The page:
The Voter Suppression Diaries: To Save Democracy, We Need to Meet Voters Where They Are
Last year, I spent the morning of Election Day driving Fred Leidel, a 99-year old World War II veteran, to the Division of Motor Vehicles in East Madison, Wisconsin. Fred, who no longer drives, rode his bicycle to vote that day, only to find out that he did not have an accepted form of ID. The workers at his polling place at Schenk Elementary School knew Fred by face. Twice a week he volunteers there to read to kindergarteners, but it didn’t matter. Under the state’s new ID law, the poll workers could not accept Fred’s University of Wisconsin faculty ID, which he had used in past years to vote.
After our trip to the DMV and some paperwork, Fred got a state ID and cast his ballot. In my line of work, stories like Fred’s are not uncommon, but unfortunately they do not all end with a vote being counted.
As an attorney and voting rights advocate, I’ve learned that fighting voter suppression can’t be restricted to Congress or the courts — has to take place at every level. Our democracy is diminished every time a disabled voter can’t get to the polls, or a voter can’t afford to pay for unnecessary or redundant documents that a state requires to prove citizenship before issuing an ID. Every American’s voting rights are put at risk when states legislatures enact ID laws that cherry pick the forms of IDs deemed acceptable based on whether a racial or ethnic group is more likely to have them.
That’s why I’ve dedicated the last several years to pushing back against restrictive ID laws, one voter at a time. Along with partner organizations like the League of Women Voters and volunteers, I search for would-be voters, document cases of disenfranchisement, and offer the support and resources people need to get IDs and get to the polls. To reach voters where they are, I visit churches, soup kitchens, school campuses, and retirement communities. Every voter’s circumstance and needs are different, but with assistance, many can get their right to vote back.
Over the coming months, as part of the ACLU’s Voting Rights Project, I will work directly with people who need IDs to vote in Wisconsin and other states with suppressive voting laws. This direct service is important because many of those disenfranchised by voter ID laws are low-income, transient and elderly and are often unreachable in other ways. While lawmakers continue to make voting hard, we’re working to make it easier. Here are some of the voters that I’ve worked with.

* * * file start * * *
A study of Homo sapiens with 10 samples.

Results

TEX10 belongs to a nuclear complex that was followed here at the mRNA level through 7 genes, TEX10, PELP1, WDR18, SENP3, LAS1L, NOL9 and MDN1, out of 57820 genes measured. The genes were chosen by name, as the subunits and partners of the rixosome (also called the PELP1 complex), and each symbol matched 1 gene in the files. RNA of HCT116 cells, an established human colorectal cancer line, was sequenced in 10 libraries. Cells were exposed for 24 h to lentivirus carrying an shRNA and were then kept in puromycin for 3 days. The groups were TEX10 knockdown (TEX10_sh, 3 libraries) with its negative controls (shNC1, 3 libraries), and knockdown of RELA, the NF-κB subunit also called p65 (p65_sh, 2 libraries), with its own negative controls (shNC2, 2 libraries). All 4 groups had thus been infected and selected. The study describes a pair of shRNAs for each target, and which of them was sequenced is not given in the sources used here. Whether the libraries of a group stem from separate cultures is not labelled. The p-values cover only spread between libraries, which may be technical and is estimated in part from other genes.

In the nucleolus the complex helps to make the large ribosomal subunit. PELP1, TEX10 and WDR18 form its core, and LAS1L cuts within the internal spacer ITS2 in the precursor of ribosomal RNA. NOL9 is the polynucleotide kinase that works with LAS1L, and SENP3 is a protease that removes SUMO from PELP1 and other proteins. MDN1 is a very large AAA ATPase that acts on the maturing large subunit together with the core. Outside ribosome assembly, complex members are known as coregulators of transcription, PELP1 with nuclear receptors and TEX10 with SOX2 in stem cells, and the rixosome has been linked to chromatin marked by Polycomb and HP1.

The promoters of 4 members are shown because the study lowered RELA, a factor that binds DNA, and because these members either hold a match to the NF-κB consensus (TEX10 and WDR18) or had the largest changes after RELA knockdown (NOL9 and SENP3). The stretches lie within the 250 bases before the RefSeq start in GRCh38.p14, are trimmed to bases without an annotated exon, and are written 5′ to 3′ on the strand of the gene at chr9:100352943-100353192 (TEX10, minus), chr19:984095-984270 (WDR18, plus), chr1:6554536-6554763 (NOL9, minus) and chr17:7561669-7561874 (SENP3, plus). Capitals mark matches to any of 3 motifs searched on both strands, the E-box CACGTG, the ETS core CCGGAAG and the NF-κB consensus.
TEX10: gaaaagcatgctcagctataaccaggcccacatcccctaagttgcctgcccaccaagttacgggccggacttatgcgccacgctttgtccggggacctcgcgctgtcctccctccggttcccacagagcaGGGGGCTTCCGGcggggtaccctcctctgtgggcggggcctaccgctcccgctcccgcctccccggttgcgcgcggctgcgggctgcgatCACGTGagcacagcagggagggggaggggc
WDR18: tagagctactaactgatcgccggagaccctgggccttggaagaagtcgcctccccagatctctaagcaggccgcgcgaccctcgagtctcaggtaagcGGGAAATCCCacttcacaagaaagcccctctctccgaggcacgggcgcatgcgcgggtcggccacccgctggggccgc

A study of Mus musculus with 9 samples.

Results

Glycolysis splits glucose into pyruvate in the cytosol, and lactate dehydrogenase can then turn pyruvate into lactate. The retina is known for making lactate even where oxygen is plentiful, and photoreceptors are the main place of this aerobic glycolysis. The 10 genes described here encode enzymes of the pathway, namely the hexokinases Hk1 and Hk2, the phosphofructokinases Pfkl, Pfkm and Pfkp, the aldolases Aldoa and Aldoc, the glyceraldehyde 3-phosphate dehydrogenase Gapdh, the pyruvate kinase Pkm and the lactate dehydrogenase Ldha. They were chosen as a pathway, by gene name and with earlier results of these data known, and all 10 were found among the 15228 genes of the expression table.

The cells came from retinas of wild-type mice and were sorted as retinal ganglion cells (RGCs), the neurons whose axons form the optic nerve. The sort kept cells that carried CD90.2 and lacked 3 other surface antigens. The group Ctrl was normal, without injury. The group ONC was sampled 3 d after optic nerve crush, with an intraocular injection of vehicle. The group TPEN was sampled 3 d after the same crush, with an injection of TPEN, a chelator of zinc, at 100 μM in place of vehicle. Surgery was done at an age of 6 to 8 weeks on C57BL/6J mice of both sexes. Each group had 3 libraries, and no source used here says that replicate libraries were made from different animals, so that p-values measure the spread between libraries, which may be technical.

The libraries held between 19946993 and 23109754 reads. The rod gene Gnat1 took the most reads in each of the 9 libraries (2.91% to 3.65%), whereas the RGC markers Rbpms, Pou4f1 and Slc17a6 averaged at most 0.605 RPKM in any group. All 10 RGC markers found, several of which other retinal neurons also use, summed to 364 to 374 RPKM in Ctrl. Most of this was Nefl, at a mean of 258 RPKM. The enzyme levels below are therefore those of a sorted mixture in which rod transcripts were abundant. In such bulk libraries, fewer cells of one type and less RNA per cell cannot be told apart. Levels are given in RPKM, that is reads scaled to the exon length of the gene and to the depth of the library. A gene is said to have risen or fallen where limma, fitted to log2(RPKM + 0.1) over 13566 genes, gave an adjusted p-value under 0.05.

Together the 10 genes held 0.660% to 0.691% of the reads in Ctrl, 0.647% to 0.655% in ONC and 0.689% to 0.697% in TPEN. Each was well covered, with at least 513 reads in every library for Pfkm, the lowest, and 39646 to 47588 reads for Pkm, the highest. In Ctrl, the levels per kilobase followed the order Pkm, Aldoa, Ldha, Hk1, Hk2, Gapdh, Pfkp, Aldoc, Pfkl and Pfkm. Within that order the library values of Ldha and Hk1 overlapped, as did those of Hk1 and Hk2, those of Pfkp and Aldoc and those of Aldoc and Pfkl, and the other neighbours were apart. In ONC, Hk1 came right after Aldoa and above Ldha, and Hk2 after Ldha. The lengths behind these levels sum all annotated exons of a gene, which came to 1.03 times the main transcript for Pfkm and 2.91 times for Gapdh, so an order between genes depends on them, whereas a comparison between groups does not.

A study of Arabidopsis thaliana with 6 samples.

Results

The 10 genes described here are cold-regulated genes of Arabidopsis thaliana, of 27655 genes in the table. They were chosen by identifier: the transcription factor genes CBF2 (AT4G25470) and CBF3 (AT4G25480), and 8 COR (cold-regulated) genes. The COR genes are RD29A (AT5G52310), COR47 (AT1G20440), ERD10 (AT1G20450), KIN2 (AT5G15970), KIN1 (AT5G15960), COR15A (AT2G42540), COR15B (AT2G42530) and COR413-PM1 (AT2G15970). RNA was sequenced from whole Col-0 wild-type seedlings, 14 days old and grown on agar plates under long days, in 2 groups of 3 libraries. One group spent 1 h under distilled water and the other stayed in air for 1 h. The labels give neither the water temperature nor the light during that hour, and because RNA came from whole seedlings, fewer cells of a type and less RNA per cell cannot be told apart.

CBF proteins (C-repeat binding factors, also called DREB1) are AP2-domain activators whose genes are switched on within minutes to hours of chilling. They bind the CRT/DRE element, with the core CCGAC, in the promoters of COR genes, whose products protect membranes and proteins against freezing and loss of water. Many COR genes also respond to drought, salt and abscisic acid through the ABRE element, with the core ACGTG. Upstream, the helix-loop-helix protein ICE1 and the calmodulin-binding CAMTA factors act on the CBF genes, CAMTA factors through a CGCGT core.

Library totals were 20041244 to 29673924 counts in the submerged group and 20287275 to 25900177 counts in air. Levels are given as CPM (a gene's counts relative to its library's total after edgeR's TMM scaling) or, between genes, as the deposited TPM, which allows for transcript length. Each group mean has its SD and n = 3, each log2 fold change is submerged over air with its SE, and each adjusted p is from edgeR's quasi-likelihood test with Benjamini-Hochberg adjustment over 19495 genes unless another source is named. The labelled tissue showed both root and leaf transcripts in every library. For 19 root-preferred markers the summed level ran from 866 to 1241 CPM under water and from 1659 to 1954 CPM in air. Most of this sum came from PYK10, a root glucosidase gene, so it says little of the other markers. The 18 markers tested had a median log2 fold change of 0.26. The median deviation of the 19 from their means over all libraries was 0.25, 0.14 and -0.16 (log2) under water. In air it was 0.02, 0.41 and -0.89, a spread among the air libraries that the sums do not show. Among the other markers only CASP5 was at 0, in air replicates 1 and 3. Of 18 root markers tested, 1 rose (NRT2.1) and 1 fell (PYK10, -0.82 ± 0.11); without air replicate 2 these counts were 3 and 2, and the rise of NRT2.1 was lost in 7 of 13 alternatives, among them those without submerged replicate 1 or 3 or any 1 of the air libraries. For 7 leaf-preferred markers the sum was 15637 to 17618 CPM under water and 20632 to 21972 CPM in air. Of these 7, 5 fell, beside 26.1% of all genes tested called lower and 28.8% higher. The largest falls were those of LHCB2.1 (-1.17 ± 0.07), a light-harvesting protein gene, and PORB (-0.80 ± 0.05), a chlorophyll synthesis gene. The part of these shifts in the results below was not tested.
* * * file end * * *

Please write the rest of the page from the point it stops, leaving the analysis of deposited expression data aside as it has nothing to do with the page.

Gladys Harris has been living and voting in Milwaukee, Wisconsin for years but was disenfranchised in the 2016 presidential election. On Election Day, Gladys realized that she had misplaced her state ID card. She showed up to the polls with a government-issued bus pass with her name and photo on it, as well as several other forms of identification. But those were not sufficient under Wisconsin’s new law, which requires one of a few specific forms of photo identification to vote, and Gladys’ ballot was not counted. Gladys and I met up on a cold February day so that I could hear her story. As we sat in her living room, news about President Trump’s cabinet nominations played on TV, and Gladys shared her opinions with me. It was not lost on me that we were discussing an election she was not counted in. Here is Gladys with one of the forms of ID that she brought to the polls.
Sheila called our local coalition hotline number to ask for help. She needed to replace her expired state ID so that she would be able to vote in Wisconsin’s upcoming elections. Sheila no longer drives and has had health problems that make it difficult to get around. Between juggling doctor’s appointments and surgeries, it took several attempts for her to find enough time to go to the Division of Motor Vehicles to get a new state ID. Sheila’s polling location is actually in her apartment building, where it’s easy for her to vote in person.
In Wichita, I met Darrell at a daily free community lunch provided by a social service organization. Darrell had a felony conviction in his past but he completed his sentence and probation years ago. Until we talked, Darrell was not aware that his voting rights were fully restored after he finished probation. Now that he knows he can vote, Darrell is more motivated to do so than ever.
Want to expand access to the ballot and make our democracy more representative? Get involved. Participate in a “Let People Vote” voting rights action near you. Read more about the Let People Vote campaign here; sign up for updates here.